HC Deb 17 March 2003 vol 401 cc612-3
3. Mr. Andrew Turner (Isle of Wight)

If he will make a statement on the effectiveness of the Child Support Agency. [102947]

The Secretary of State for Work and Pensions(Mr. Andrew Smith)

The Child Support Agency has steadily increased its effectiveness since the mid-1990s. In 1995–96, the amount of money going to parents with care was only £300 million. By 2001–02, it was around £770 million. The new CSA system for new cases has got off to a smooth start.

Mr. Turner

I thank the Secretary of State for that answer. Were the new system applied to all cases simultaneously, how many parents with care would gain, and what proportion would that be?

Mr. Smith

Around 60 per cent.

Mr. Peter Pike (Burnley)

Does my right hon. Friend recognise that one of the biggest categories of complaints from people trying to get payments due to them under the CSA involves men who are self-employed, who can give the system the run-around and who avoid declaring the money and income that they have. Is my right hon. Friend sure that steps are being taken to ensure that the mother gets what she is entitled to in those cases?

Mr. Smith

Yes. That is a very important purpose of the reform and the introduction of the new system. Because the new system is much simpler, it will enable us to spend far fewer resources on assessing and perpetually reassessing cases. It will thereby enable us to put a lot more effort into ensuring compliance, and making sure that people pay the assessments that they are supposed to be paying. As I have told the House before, particular effort will be made in relation to the self-employed, whose compliance rates are significantly below the average.

Mr. Steve Webb (Northavon)

The Government's intention was that, in cases where CSA assessment under the new system is very different from that under the old system, change can be phased in over a period of up to five years. A month ago, I drew the Secretary of State's attention to the fact that some people are circumventing that principle by opting out of the CSA and turning up three months later as brand new cases, thereby getting the entire five-year increase in one go. Has he done anything about that problem since I raised it, and given that, as my experience shows, such cases do exist, what will he do to prevent the Government's and Parliament's intention from being thwarted?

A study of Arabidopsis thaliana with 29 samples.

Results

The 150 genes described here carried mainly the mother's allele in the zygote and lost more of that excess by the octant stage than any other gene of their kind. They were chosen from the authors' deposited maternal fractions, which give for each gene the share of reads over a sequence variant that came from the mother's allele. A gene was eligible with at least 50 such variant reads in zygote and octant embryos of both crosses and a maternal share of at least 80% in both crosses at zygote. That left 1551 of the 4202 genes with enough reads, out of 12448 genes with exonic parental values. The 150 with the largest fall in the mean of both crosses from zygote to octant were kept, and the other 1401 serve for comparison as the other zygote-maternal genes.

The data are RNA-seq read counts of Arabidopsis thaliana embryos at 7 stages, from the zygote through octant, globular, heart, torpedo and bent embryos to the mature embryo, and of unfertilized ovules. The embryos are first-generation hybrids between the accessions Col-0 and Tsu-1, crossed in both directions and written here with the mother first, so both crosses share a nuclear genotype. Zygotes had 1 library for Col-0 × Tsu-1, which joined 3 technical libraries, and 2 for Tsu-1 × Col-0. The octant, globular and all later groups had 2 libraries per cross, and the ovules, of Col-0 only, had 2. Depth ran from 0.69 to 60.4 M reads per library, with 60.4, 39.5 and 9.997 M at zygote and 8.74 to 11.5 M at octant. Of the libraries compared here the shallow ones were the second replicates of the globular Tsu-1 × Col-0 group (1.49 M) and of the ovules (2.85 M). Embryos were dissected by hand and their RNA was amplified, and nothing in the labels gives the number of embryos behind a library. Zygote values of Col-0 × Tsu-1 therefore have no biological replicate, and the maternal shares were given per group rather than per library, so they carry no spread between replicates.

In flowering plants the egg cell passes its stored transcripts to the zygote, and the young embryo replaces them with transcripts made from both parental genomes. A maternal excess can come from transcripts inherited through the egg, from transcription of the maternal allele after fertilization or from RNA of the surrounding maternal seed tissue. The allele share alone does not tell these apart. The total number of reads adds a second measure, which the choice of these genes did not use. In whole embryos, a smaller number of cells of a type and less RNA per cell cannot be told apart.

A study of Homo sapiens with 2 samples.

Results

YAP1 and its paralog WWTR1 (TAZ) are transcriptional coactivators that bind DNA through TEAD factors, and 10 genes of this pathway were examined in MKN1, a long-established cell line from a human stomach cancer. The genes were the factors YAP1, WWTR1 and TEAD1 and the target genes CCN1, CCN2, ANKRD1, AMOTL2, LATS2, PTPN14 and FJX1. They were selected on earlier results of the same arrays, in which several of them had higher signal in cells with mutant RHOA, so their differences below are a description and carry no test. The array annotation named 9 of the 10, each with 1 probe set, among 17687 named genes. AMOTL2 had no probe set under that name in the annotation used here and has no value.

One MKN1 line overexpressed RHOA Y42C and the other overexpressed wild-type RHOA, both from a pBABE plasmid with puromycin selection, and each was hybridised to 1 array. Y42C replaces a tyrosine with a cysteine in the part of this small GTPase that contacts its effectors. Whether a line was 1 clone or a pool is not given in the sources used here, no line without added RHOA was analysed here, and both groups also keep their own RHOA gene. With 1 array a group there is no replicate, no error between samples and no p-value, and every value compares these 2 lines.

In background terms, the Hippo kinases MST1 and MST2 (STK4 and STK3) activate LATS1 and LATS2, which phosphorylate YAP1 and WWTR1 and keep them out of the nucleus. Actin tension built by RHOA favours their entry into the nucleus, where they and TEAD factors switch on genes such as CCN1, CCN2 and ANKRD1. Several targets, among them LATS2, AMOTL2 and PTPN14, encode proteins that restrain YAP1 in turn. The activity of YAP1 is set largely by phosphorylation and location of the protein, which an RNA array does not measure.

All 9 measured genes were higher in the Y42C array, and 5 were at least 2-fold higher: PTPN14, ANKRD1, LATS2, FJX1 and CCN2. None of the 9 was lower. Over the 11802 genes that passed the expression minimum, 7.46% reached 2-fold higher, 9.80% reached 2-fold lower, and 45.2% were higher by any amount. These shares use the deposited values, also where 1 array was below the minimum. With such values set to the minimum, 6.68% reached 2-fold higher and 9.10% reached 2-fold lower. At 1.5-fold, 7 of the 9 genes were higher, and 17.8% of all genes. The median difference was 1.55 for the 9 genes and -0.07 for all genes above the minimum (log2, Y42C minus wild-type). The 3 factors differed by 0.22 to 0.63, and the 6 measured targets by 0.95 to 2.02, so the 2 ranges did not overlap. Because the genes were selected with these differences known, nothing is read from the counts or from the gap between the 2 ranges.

Mr. Smith

As I have explained to the hon. Gentleman before, rules have been put in place—in particular, the 13-week provision. We must have a practical way of operating that minimises the incentive for people to try to work the new system to get on to it, but which enables its operation without the addition of yet further bureaucracy and complexity—the very problems that brought the old system into such disrepute and made it so difficult to get the standards of effectiveness that are now being achieved. People on the new assessment are assessed on the much more simple, straightforward basis that we have set out: 15 per cent. for one child, 20 per cent. for two children, and 25 per cent. for additional children. That is accepted by hon. Members and by the country, on the basis of consultation, as a fair method of payment. I hope that the hon. Gentleman and his party will join us in supporting the principle that money that is due to children ought to be paid, and that they will support the new system, which will ensure that more children benefit.

Mr. Julian Brazier (Canterbury)

The Government originally promised the new system by October 2001, and then by April 2002, but we now have this half-baked arrangement whereby new and recycled cases are handled under the new system, while existing ones continue under the old one. When will existing cases move to the new system? Is the five-year transition that the Secretary of State has talked about actually going to happen, and how will it work? There are both winners and losers out there who face great uncertainty as a result of continuing delay.

Mr. Smith

It is rich for the hon. Gentleman to accuse us of implementing a half-baked system, given that we have had to work so very hard to put right the utter shambles of a system, for which everyone knows the Conservatives were responsible. On reflection, he will surely accept that it is very sensible indeed to ensure that the system works with new cases before switching over existing ones. I will announce the date for doing that when we know that it can sensibly be planned for, and not before. On the five-year transition, yes, it will operate.